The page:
Teen stopped while sprinting on sidewalk alleges unlawful arrest
A teenager is alleging in a lawsuit that a plainclothes Washtenaw County sheriff's deputy didn't identify himself as police when he confronted the teen as he was sprinting on an Ypsilanti sidewalk, grabbed him and slammed him against a door, knocking both of them through glass.
Charles Taylor, 19, of Ypsilanti, is suing Deputy Ryan Stuck, Det. Kevin Parviz, Ypsilanti police Officer Anthony Schembri, the city of Ypsilanti and Washtenaw County.
He is suing for assault and battery, intentional infliction of emotional distress, false arrest and conspiracy. The suit, filed in late September in Washtenaw County Circuit Court, seeks an unspecified amount of money. It claims the officers were biased toward Taylor because he's black.
Ypsilanti City Attorney John Barr and County Attorney Curt Hedger could not be reached for comment.
According to the suit, Taylor was sprinting from the Bank of Ann Arbor on West Michigan Avenue to LMT Party Store on Pearl Street, where he works. He picked up some change at the bank, the lawsuit says, because the store was short and needed it immediately to serve customers.
As Taylor was sprinting on a sidewalk on Michigan Avenue near Huron Street, the suit alleges that Stuck got out of an unmarked Ford sedan, also occupied by Det. Parviz. Stuck was wearing blue jeans and a blue hooded University of Michigan sweatshirt, the suit says. It also says the car's hidden emergency lights were not on. Schembri was in a patrol vehicle in the area and all three officers had seen Taylor sprinting earlier and thought it was suspicious, the suit says.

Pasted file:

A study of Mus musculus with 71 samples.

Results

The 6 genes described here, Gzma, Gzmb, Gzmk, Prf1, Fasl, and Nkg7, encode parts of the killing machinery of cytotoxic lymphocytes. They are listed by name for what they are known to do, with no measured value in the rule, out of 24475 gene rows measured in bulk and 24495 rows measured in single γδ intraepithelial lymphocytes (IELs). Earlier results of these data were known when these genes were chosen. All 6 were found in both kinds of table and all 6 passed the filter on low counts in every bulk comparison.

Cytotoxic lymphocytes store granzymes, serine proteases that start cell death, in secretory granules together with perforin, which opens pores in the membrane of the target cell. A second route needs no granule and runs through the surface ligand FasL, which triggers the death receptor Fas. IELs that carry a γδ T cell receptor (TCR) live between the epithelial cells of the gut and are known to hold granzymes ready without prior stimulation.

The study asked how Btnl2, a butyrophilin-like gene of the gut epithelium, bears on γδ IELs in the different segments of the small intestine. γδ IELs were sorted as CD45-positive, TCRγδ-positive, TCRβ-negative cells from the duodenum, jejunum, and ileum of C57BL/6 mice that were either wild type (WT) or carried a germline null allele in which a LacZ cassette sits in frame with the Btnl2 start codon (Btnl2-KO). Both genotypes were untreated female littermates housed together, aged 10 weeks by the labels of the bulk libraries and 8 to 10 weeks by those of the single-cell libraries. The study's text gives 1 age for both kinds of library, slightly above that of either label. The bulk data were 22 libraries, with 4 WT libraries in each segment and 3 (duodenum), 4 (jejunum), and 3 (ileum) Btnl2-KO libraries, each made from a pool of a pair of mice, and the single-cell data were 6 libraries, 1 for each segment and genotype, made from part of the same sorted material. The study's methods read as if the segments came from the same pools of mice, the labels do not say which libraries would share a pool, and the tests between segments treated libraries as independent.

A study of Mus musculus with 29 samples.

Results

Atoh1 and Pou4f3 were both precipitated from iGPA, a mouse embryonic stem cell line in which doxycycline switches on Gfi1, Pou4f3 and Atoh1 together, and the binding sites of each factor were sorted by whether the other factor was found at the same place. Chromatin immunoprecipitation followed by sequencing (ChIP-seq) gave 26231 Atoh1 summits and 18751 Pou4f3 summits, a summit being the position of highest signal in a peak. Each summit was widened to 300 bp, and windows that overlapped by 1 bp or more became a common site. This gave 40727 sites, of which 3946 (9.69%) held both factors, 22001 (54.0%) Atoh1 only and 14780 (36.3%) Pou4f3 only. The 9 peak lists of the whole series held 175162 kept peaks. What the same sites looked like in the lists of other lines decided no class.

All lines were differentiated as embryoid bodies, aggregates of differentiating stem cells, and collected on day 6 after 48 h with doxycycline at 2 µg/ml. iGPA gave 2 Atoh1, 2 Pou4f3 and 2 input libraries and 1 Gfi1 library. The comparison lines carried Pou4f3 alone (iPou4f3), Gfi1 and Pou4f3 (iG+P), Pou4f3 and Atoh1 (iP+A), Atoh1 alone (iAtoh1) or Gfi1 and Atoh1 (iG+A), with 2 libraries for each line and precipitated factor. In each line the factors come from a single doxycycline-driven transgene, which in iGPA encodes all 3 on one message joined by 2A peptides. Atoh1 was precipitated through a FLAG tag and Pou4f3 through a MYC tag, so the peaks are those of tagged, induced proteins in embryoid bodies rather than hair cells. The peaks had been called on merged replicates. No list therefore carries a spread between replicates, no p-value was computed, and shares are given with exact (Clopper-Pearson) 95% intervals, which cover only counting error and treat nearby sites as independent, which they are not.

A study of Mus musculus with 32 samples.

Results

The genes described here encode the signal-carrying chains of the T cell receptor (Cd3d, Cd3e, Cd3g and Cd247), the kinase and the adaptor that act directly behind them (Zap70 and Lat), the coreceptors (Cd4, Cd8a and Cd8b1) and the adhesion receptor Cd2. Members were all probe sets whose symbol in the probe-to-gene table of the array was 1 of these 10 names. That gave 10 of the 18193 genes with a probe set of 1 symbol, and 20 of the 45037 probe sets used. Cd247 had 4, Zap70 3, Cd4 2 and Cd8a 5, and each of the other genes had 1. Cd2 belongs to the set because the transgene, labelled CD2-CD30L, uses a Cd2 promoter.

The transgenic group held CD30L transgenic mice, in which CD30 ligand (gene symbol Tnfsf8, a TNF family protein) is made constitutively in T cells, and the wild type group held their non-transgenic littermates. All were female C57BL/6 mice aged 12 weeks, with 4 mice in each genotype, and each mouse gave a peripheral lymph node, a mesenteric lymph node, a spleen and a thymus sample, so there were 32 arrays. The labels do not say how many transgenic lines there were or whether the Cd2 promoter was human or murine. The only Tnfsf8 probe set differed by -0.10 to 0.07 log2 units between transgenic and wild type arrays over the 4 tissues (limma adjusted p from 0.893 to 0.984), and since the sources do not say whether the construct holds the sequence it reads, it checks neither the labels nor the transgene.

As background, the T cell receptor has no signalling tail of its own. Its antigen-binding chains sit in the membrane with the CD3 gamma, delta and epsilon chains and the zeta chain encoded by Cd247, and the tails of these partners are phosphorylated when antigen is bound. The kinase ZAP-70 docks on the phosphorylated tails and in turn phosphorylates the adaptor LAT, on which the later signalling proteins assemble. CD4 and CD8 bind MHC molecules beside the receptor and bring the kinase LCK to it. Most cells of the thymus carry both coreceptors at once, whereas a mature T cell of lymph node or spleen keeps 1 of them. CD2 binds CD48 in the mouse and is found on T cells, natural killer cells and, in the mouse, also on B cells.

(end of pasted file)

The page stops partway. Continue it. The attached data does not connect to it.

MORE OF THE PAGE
According to the suit, Stuck was behind Taylor and yelled "Hey!" prompting Taylor to slow and turn. Taylor was unaware Stuck was a police officer, the suits says, as Stuck ran toward him.
The suit alleges that Stuck grabbed Taylor "violently and drove him into the entrance way of a vacant building, slamming him into the glass of the doorway." Both were knocked through the glass and suffered injuries, the suit says, without being more specific. Stuck pulled Taylor off the ground and assisted Schembri with putting handcuffs on him, the suit claims.
Taylor explained to officers that he was running because "he was getting change at the bank," the suit says. According to the suit, Taylor was holding two rolls of change.
Schembri searched him for weapons and anything else illegal and found nothing, the suit says. The suit alleges that Taylor was put in the back of a patrol car, but never charged with anything.
Lee Higgins covers crime and courts for AnnArbor.com. He can be reached by phone at (734) 623-2527 and email at firstname.lastname@example.org.